A motion to modify an existing court order requires a showing of a material change in circumstances: Let’s assume the court has made an order. That order may be a custody order or a support order or some other type of order. That order may be set forth in your divorce judgment or it may be set forth in some other type of court order. You want to modify that order. The first hurdle you have to get over is a showing of a “material change in circumstances” before the court is even going to consider your request to modify an existing court order.
Assume you and your spouse agreed on a certain amount of spousal support at the time of your divorce. Assume you agreed to pay your ex-spouse $1,000 per month in spousal support. Two months after the divorce judgment was issued, you decide that the $1,000 per month number is high and you want to modify it downwards. Your motion to modify is going to get dismissed at the very beginning of the hearing if your motion does not set forth facts that show a “material change in circumstances” since the divorce judgment was issued that justifies the court modifying the existing spousal support order. Perhaps you are no longer getting any overtime pay. Perhaps your ex-spouse got a promotion. Perhaps your ex-spouse moved in with a boyfriend or girlfriend. You need at least one material change in circumstance if you want the court to make a new support order.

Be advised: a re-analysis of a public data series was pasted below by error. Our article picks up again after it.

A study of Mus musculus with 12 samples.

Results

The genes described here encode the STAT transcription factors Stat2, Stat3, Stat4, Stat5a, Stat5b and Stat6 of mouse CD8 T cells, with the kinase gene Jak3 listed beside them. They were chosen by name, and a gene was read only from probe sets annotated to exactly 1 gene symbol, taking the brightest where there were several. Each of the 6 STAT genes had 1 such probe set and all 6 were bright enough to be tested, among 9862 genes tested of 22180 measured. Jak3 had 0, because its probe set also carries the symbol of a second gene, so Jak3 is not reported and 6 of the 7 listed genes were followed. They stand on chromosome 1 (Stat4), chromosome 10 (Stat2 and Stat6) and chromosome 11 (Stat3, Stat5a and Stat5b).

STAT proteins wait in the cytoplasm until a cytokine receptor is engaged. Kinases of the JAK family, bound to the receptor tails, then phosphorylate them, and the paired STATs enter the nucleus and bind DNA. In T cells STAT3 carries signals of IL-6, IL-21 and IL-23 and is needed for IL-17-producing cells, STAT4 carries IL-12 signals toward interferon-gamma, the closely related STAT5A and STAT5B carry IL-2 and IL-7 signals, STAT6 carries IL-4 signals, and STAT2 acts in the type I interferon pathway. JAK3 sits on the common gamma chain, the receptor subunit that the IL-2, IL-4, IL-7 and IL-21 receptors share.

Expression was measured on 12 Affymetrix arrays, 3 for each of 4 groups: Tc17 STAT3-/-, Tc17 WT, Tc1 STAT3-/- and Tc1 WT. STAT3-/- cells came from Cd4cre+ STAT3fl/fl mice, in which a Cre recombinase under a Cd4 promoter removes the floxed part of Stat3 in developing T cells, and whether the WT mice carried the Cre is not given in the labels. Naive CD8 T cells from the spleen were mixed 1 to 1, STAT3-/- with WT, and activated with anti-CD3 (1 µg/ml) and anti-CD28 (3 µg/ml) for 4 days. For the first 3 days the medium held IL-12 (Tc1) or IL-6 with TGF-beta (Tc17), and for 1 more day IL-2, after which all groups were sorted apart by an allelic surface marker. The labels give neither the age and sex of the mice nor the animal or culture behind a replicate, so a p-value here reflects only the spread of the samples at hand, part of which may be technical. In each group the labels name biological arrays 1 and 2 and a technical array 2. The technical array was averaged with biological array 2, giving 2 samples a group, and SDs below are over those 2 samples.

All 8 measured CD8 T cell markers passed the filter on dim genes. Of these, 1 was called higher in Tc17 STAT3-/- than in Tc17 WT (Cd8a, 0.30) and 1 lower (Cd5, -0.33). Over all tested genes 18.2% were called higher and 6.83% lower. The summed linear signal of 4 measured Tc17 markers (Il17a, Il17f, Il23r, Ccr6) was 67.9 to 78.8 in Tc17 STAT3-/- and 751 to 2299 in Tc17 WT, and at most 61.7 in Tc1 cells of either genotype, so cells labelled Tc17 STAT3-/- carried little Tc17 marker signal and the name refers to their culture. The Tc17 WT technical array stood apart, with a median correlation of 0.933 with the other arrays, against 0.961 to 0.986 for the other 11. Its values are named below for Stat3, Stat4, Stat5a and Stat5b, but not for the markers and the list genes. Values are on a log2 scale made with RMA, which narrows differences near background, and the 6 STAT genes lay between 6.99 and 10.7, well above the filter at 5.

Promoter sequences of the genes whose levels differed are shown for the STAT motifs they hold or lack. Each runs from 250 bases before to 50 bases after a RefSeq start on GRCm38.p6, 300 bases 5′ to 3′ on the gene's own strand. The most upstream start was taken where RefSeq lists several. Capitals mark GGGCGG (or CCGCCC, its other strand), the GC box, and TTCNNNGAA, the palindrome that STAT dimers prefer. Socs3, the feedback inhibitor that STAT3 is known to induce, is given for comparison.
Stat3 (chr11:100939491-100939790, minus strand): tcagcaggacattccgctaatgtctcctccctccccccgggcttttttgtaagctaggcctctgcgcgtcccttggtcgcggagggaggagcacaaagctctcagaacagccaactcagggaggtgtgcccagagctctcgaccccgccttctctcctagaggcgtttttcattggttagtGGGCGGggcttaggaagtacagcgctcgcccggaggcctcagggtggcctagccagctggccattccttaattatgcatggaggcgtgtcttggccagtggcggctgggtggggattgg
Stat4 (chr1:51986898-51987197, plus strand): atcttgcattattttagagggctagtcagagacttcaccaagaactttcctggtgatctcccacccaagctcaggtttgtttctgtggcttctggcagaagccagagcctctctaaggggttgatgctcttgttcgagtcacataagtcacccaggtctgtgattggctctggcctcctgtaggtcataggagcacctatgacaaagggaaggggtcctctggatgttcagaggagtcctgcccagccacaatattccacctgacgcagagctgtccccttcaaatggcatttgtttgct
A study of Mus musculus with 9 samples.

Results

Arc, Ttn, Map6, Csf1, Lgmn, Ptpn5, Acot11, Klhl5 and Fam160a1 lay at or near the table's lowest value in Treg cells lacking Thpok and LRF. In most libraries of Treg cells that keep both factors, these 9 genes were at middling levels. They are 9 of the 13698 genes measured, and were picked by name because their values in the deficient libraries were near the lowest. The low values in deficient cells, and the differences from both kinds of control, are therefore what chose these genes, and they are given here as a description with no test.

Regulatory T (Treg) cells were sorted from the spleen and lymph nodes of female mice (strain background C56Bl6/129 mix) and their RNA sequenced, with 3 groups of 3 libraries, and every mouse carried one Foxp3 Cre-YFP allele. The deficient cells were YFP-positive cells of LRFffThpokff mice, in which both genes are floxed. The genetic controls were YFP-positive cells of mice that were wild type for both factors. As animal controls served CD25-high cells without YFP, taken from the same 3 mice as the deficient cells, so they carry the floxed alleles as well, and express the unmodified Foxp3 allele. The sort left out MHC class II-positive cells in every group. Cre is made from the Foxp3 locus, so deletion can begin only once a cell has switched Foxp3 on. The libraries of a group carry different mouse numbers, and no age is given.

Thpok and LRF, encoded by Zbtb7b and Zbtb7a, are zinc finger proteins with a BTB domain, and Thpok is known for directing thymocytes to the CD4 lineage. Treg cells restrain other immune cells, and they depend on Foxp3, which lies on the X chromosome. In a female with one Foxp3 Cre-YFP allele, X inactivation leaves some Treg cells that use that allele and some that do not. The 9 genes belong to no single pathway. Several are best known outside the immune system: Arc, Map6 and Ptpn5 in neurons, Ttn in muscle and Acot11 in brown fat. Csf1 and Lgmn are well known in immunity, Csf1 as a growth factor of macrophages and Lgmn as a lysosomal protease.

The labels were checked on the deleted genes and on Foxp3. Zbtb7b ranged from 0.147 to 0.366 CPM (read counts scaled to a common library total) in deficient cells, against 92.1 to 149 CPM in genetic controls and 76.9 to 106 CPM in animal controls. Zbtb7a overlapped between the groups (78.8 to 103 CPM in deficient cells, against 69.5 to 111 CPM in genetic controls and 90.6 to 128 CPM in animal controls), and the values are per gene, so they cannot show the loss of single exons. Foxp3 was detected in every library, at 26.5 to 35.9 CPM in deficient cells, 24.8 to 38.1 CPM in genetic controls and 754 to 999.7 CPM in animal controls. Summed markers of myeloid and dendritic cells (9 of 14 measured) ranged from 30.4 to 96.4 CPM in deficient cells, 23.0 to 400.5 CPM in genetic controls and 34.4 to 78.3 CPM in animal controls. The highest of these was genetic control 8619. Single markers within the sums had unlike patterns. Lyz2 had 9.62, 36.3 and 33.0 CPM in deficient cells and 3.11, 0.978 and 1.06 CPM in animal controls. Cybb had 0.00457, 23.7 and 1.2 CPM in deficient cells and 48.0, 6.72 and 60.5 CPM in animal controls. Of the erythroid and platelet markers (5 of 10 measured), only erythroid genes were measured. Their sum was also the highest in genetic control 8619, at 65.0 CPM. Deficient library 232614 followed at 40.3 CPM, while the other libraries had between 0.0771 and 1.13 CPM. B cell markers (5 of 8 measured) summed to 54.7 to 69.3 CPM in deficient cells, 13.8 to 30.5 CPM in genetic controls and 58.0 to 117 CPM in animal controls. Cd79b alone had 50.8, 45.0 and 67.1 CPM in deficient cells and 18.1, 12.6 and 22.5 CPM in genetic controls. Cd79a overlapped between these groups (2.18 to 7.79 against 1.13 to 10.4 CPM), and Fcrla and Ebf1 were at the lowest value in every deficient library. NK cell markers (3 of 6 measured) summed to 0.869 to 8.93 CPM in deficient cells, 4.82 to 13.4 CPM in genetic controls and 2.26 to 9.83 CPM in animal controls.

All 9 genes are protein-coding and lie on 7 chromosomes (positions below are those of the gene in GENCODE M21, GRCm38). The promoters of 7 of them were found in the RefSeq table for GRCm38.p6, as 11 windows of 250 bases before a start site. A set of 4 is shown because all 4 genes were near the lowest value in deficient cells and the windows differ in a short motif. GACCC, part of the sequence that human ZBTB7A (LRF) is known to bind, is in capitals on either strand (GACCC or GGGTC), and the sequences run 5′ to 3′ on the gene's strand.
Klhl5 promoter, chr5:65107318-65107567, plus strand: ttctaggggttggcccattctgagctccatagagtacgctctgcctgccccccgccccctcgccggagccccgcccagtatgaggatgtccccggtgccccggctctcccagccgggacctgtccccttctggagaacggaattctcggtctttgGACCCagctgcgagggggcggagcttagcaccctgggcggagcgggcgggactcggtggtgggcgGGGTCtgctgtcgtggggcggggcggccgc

Assume at the time of the divorce, you agreed that you would visit with the children on alternate weekends and the children would stay with your ex-spouse the rest of the time. Six months later, you decide you want the kids to spend more time with you. If you file a motion to modify child custody, you are going to have to satisfy the “material change in circumstances” rule. You will have to include in your motion some facts that show the judge there has been a material change in circumstances that justifies the court making a new child custody order. Perhaps your work schedule changed and you are now more available to care for the children. Perhaps you moved closer to your ex-spouse’s residence so that it is easier to share custody. Perhaps your ex-spouse’s new boyfriend or girlfriend is mistreating your children. You need some material change in circumstances if you want the court to issue a new child custody order.
There is an exception to the “material change in circumstances” rule. The exception has to do with a below “guideline” child support order. If the judgment of dissolution has a below “guideline” child support order, no change in circumstances is required for the court to increase child support to the guideline amount. Interestingly, if the divorce judgment has an above “guideline” child support amount, a material change in circumstances will be required to modify the amount downward to a guideline number.